We’ve all heard the saying “don’t burn bridges.” It refers to the idea that we should avoid permanently damaging relationships or opportunities, even difficult ones, because we never know when they may become useful again. However, sometimes burning bridges is necessary for our personal growth and to create healthy boundaries.
I recently came across a thought-provoking idea: burning bridges isn’t always a bad thing if it prevents you from going back to a place you should not have been in the first place. This got me thinking about times when it may be justified to completely cut ties and “burn bridges” with certain people or situations.
Now, I’m not advocating being intentionally hurtful or damaging your reputation. That kind of behavior is never acceptable. However, I do believe firmly closing some doors and ending damaging relationships is essential for living your best life. Holding onto unhealthy associations out of comfort, complacency or guilt helps no one in the long run.
Here are some signs it may be time to permanently cut ties:
1. When someone constantly demeans you or sabotages your success.
If a person in your life, whether a friend, family member or partner, regularly puts you down, criticizes you or deliberately throws obstacles in your path, it is time to cut ties. Surrounding yourself with negativity and meanness chips away at your self-esteem and prevents you from reaching your full potential. You deserve people who build you up and want the best for you.
2. When a relationship is extremely one-sided.
Healthy relationships are reciprocal, with both people giving and taking. If you are constantly compromising your needs and wants to please someone else, you will grow resentful. It is better to be alone than with someone who takes advantage of your kindness. Free yourself to find more mutual partnerships.
3. When you are losing your sense of self.
Sometimes relationships turn unhealthy slowly over time. You may realize one day that you no longer recognize yourself and have abandoned your own interests or values. End these connections, even if long-term, to regain your independence and sense of identity.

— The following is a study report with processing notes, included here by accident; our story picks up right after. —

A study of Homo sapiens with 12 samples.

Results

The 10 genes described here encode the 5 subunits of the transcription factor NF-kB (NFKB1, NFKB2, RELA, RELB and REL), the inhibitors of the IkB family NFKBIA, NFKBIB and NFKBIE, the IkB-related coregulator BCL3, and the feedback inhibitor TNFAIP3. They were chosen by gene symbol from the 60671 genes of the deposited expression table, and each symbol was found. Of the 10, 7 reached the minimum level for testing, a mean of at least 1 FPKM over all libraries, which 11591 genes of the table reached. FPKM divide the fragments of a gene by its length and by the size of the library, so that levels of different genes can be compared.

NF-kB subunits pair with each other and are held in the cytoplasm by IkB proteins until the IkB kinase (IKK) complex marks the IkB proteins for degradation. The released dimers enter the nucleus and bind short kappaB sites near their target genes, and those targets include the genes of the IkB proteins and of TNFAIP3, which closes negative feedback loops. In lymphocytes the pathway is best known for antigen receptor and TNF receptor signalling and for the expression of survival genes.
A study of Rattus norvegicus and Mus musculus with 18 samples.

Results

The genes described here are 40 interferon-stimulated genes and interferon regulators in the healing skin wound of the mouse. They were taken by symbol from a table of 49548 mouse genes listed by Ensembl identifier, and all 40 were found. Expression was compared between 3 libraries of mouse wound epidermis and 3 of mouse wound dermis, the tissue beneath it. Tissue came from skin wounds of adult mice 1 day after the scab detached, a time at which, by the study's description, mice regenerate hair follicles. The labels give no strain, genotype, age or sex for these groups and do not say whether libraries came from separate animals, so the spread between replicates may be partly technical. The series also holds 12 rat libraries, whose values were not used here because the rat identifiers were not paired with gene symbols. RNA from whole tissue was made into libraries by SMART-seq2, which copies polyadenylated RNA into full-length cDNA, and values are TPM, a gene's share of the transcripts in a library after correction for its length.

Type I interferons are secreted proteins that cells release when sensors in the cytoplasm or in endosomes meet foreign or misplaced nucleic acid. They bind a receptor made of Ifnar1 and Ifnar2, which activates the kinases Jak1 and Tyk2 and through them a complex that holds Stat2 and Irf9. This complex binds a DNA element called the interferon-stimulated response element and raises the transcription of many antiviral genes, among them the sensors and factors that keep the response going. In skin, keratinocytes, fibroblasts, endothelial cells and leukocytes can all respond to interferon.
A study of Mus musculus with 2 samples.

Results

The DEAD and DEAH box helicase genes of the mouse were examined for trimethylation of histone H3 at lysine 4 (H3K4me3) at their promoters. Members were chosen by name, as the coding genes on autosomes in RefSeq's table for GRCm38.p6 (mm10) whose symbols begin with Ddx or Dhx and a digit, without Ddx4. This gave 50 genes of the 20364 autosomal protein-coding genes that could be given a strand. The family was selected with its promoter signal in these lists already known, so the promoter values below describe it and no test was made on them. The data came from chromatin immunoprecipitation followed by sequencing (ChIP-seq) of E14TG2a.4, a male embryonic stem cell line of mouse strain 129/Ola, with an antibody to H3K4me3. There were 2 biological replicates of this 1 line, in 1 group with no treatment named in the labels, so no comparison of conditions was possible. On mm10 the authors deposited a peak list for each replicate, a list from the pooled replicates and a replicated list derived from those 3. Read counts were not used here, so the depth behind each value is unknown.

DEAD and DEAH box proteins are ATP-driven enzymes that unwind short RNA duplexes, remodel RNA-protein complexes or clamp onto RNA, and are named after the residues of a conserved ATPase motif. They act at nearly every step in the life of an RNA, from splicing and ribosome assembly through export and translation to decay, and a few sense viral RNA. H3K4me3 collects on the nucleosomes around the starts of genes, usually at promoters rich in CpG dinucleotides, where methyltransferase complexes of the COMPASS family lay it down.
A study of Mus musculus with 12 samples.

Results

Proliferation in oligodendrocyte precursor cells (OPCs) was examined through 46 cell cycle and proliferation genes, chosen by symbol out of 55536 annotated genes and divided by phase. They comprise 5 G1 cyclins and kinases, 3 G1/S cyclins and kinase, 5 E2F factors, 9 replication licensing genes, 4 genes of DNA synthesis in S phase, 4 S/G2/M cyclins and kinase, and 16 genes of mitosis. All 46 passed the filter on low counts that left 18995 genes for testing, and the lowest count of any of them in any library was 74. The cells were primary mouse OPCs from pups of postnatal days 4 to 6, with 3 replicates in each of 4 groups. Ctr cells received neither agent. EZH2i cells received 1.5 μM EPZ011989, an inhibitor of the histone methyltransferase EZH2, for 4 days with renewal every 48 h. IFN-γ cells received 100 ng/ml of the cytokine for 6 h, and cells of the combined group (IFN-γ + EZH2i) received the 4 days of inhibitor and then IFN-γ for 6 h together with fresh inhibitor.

4. When past trauma or patterns repeat themselves.
We all have baggage from our past, like bullying or dysfunctional family dynamics. If you find yourself in relationships that echo old wounds, it is time to walk away no matter how difficult. Healing comes from breaking destructive cycles for good.
5. When your mental health suffers.
Our emotional well-being and stability should be the top priority. If a job, relationship or lifestyle routinely causes distress, anxiety or depression, remove yourself from it. You come first, always.
How to Move On Healthily After You Burn Bridges
Ending relationships, even necessary ones, often involves grief and pain. Here are some tips for moving forward in a positive way:
- Reflect on lessons learned to grow from the experience. What will you do differently going forward?
- Be kind to yourself. Allow time to heal without judgment.
- Seek support. Turn to other positive relationships in your life or a counselor.
- Express emotions in a healthy way through journaling, art or exercise.
- Focus your energy on personal goals that enrich your life.
- Forgive yourself and the other person. Anger will only hurt you, not them.
- Visualize your fresh start. What new doors will open for you?
The Rewards of Removing Toxic Relationships
While burning bridges is often sad, the long-term benefits to your wellbeing make it worthwhile. Here are just some of the positive changes you may experience:
- Improved self-esteem and confidence
- Relief from anxiety or depression
- More energy to devote to healthy relationships
- A greater sense of independence and personal power
- Freedom to pursue your passions and interests
- Overall increased happiness and life satisfaction
Trust your instincts. If a relationship leaves you feeling drained, stressed or bad about yourself more often than not, it is time to cut ties. Do not cling to harmful associations out of habit or perceived obligation. You deserve people who bring out your best self. While burning bridges is rarely easy, it clears the way for building new, healthy connections. The personal growth and fulfillment are worth it.
Have you had to permanently end a relationship that wasn’t serving you? How did you grow from it? Share your experiences in the comments.
Michelle D. Garrett is the founder of Divas With A Purpose.
She focuses on sharing resources for being purposely productive; setting personal and professional goals and achieving them through daily action; and successfully running a business while focusing on your mental health. Michelle is a full-time entrepreneur who specializes in teaching female entrepreneurs how to show up consistently in their business – online and off.